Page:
What Can I Do with a PhD in Finance?

phd in finance

Key Takeaways:

  • A PhD in Finance prepares you for high-earning roles like university professor, investment researcher, and financial manager.
  • Graduates can opt for academia, focusing on teaching and research, or high-stakes financial roles in public or private sectors.
  • The degree offers competitive advantages in job opportunities, influencing compensation, benefits management, and strategic financial planning.

Finance is an interesting and challenging field, and financial professionals interested in advancing their careers often wonder what they can do with a PhD in Finance. That option poses many interesting choices because earning a PhD in Finance not only puts candidates in positions to pursue a variety of jobs but also puts them in positions where they can earn excellent wages. They’ve taken their training and education to the highest level, and the sky is the limit! Here are a few career choices available for someone with a PhD in Finance.

University Professor

Every year many graduates of the PhD in Finance choose to work as college professors in the economics and finance departments of colleges and universities. Although their main responsibilities are to teach students every semester, they also spend a great deal of time performing research. Additionally, they are required to publish books or articles based on the research they’re performed. University professors are also responsible for preparing exams for the class, creating the course syllabus, preparing lectures and grading tests and assignments. While this position doesn’t pay as much as some pay with the finance doctoral degree, they do make very good wages and find the work very rewarding.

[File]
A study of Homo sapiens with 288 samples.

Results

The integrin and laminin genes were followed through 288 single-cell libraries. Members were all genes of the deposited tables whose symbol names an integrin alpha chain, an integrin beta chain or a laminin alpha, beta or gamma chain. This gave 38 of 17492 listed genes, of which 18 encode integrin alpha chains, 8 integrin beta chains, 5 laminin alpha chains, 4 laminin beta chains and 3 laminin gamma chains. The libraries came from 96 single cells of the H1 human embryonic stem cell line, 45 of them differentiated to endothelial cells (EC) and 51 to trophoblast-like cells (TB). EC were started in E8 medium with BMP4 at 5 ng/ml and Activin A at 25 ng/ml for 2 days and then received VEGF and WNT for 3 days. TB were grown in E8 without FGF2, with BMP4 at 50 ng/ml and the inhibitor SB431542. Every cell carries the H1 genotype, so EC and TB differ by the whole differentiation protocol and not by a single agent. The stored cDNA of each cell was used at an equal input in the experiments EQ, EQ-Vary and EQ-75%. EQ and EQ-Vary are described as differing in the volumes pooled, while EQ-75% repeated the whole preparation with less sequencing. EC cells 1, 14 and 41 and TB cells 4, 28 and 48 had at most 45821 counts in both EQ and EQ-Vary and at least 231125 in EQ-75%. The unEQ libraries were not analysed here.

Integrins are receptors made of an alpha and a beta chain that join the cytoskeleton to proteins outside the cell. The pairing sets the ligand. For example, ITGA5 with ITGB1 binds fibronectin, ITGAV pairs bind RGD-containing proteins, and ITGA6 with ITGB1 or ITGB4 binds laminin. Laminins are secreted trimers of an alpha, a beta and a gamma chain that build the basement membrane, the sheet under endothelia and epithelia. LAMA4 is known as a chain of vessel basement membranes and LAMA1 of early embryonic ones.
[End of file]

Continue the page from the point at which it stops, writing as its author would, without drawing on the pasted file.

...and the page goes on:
Featured Programs

Investment Researcher

Investment researcher is a popular career choice for PhD in Finance holders who don’t choose to work in an academic setting. Investment researchers use their knowledge of finance to research how certain income investments are performing. They may work in the private or public sector. They deal with corporate bonds, foreign currencies, credit equities, commodities, and similar fixed income accounts. Using their research and expertise, investment researchers then make recommendations to their clients. Investment researchers generally earn higher wages than those working in academia.

Financial Manager

Working as a financial manager can be stressful at times but can also be very rewarding. Imagine the rewarding feeling of successfully managing someone’s money and knowing they’ve earned a high return based on your research and recommendations! Financial managers may be hired with a master’s degree, but those with a PhD in Finance typically see the best job opportunities. A big part of their job involves researching and analyzing current market trends so they can help the company increase both their customer base and their profits. They also generate the company’s business reports, forecasts and financial statements.

Compensation and Benefits Manager

Compensation and benefits managers are an important part of an organization’s workforce because they’re the professionals who help the company determine what kind of wages they can pay their employees. They figure out how to balance the wages and compensation benefits so the company is competitive while still being profitable and able to maintain a good workforce. They oversee the distribution of wages and benefit packages and ensure the company is paying the right amount based on the profitability of the company and the employee’s job performance. Compensation and benefits managers also select and work with benefits vendors, investment managers, and insurance brokers.

Jobs in the business and financial operations field are expected to see a growth of 7 percent during the 2018-2028 decade, resulting in almost 600,000 new jobs by 2018 according to the U.S. Bureau of Labor Statistics. Professionals who go the extra mile and earn a PhD in Finance will generally see the best opportunities.